How to compile C++ freestanding / baremetal with g++?

C++ has many aspects, included by default, that are not desirable or even functional on embedded bare metal / free standing platforms.

How can I configure g++ to compile C++ in a manner suitable for embedded bare-metal / freestanding?

1 answer

  • answered 2022-03-14 09:48 Lundin

    The compiler option -ffreestanding is explicitly there for this purpose. It enables implementation-defined forms of main and it will disable various assumptions about standard library functions, optimizing code a bit differently in some situations.

    Unfortunately in terms of of main(), C++ explicitly doesn't allow void main (void) as an implementation-defined form, unlike C. There is no sensible solution to this, it's a language flaw. Name it main_ or some such.

    However, this doesn't disable or block any dangerous and unsuitable C++ features from being used - that burden lies on the programmer who picked C++. You have to manually ensure that things like heap allocation, RTTI, exceptions and so on aren't present. Removing the entire heap segment from your linker script is a sensible thing to do - it should block things like std::vector or std::string from linking.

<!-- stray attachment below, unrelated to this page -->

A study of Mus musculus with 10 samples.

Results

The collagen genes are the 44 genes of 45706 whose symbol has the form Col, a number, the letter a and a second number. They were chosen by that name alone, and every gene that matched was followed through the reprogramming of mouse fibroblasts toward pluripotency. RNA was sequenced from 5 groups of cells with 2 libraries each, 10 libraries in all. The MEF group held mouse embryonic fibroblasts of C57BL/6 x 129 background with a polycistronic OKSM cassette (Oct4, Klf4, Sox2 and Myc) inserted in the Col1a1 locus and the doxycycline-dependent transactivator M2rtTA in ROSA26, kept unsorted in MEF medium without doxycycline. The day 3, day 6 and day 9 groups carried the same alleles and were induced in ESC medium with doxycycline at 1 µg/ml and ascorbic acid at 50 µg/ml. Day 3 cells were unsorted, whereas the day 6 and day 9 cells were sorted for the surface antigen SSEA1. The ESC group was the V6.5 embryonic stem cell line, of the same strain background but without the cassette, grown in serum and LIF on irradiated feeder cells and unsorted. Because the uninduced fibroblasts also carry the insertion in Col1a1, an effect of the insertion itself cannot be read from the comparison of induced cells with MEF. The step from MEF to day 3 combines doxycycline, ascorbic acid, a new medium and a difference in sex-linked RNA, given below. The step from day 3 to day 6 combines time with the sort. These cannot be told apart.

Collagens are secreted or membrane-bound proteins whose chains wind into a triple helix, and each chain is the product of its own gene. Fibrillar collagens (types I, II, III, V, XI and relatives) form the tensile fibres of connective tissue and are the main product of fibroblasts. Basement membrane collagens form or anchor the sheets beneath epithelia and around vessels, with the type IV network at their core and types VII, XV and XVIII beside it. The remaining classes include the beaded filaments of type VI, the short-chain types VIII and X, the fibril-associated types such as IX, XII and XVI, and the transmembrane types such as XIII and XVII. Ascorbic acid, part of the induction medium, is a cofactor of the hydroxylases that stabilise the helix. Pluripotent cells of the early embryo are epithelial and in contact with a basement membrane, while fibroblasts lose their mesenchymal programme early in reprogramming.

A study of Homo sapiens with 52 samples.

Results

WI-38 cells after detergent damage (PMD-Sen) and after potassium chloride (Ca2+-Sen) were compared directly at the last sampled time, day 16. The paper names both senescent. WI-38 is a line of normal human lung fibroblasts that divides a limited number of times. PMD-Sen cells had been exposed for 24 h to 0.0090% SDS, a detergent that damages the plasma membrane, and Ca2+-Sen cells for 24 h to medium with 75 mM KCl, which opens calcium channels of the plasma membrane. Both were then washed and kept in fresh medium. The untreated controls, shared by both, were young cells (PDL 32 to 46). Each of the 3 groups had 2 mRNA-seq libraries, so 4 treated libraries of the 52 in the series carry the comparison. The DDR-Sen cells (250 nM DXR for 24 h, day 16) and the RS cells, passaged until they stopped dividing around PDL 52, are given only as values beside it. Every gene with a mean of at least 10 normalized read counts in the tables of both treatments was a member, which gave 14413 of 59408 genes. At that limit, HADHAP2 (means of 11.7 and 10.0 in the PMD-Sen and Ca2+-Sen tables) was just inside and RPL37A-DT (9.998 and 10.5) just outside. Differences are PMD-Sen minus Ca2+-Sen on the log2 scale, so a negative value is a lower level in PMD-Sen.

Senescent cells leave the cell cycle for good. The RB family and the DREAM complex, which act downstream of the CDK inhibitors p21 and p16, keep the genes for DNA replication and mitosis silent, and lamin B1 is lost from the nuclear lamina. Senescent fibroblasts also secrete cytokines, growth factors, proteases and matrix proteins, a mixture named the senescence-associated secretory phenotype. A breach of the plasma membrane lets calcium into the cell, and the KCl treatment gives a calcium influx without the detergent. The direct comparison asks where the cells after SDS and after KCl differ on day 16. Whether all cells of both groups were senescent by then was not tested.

Then depending on target, there might be certain suitable gcc compiler ports. Such as in case of ARM where one compiler port is called "gcc-none-eabi", which would be the suitable one for bare metal Cortex M microcontrollers.

    At a minimum, you'll need a "C run-time" (CRT) for the target - either use one provided by the tool chain (generally recommended) or create one yourself (compile with -nostdlib). It's not a beginner task to create one, particularly not for targets with advanced MMUs. Some general advise of how to do so here. Creating one for C++ is slightly more intricate than for C, since it also has to include all constructor calls to static storage duration objects.